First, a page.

People with diabetes are 40% more likely to suffer from glaucoma than people without diabetes. The longer someone has had diabetes, the more common glaucoma is. Risk also increases with age.
Many people without diabetes get cataracts, but people with diabetes are 60% more likely to develop this eye condition. People with diabetes also tend to get cataracts at a younger age and have them progress faster.
Diabetic retinopathy is a general term for all disorders of the retina caused by diabetes. There are two major types of retinopathy: nonproliferative and proliferative.
In nonproliferative retinopathy, the most common form of retinopathy, capillaries in the back of the eye balloon and form pouches. Nonproliferative retinopathy can move through three stages (mild, moderate, and severe), as more and more blood vessels become blocked.
Although retinopathy does not usually cause vision loss at this stage, the capillary walls may lose their ability to control the passage of substances between the blood and the retina. Fluid can leak into the part of the eye where focusing occurs, the macula. When the macula swells with fluid -- a condition called macular edema -- vision blurs and can be lost entirely. Although nonproliferative retinopathy usually does not require treatment, macular edema must be treated. Fortunately, treatment is usually effective at stopping and sometimes reversing vision loss.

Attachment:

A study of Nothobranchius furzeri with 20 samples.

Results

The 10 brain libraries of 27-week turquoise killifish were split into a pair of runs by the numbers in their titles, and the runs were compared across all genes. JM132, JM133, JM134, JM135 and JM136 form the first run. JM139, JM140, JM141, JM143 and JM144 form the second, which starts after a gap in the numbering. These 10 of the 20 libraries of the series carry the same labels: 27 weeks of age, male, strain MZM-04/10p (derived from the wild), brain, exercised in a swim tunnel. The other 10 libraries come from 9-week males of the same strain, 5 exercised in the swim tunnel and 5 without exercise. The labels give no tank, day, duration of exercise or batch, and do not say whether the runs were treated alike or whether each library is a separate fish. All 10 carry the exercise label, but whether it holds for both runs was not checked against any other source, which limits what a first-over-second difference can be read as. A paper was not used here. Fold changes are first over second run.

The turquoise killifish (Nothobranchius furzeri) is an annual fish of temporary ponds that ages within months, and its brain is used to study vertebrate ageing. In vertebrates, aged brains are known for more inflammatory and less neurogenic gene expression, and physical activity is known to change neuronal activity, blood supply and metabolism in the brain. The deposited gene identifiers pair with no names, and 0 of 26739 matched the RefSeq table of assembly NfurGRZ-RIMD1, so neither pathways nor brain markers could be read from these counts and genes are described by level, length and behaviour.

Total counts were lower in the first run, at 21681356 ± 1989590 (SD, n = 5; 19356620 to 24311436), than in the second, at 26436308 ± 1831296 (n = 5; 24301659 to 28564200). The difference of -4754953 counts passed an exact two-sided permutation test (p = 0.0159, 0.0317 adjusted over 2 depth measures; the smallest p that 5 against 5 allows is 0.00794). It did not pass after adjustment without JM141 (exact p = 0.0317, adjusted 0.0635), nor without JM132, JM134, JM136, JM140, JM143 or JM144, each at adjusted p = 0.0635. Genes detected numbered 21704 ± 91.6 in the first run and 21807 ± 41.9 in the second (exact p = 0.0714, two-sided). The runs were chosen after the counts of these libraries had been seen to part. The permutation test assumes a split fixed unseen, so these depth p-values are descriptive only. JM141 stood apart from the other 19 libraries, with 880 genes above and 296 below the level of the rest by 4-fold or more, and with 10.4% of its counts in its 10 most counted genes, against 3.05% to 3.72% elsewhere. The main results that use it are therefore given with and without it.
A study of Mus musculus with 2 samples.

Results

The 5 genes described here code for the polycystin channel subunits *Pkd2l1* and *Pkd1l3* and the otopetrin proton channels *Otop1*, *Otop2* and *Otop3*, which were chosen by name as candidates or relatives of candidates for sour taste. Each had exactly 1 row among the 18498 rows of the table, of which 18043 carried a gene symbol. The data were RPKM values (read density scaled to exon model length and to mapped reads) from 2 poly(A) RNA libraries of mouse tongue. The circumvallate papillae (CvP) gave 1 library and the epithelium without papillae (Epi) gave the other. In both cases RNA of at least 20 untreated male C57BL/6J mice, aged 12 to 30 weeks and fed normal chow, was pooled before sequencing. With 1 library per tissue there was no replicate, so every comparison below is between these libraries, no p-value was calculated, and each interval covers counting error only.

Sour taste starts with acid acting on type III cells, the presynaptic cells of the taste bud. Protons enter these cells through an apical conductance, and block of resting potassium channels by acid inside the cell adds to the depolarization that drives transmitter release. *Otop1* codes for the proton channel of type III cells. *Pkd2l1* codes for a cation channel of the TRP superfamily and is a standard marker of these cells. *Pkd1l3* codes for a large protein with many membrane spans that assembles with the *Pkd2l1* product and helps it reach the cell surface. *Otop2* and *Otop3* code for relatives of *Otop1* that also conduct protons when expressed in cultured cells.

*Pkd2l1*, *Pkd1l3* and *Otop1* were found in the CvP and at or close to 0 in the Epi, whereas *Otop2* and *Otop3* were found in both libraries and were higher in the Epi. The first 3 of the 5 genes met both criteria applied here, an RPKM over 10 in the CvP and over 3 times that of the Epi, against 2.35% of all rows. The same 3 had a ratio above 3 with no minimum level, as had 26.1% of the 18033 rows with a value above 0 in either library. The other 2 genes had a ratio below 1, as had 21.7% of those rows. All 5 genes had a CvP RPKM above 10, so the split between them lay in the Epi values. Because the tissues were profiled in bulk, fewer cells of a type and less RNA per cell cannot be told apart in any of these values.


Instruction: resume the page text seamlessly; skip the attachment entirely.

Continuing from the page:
In some people, retinopathy progresses after several years to a more serious form called proliferative retinopathy. In this form, the blood vessels are so damaged they close off. In response, new blood vessels start growing in the retina. These new vessels are weak and can leak blood, blocking vision, which is a condition called vitreous hemorrhage. The new blood vessels can also cause scar tissue to grow. After the scar tissue shrinks, it can distort the retina or pull it out of place, a condition called retinal detachment.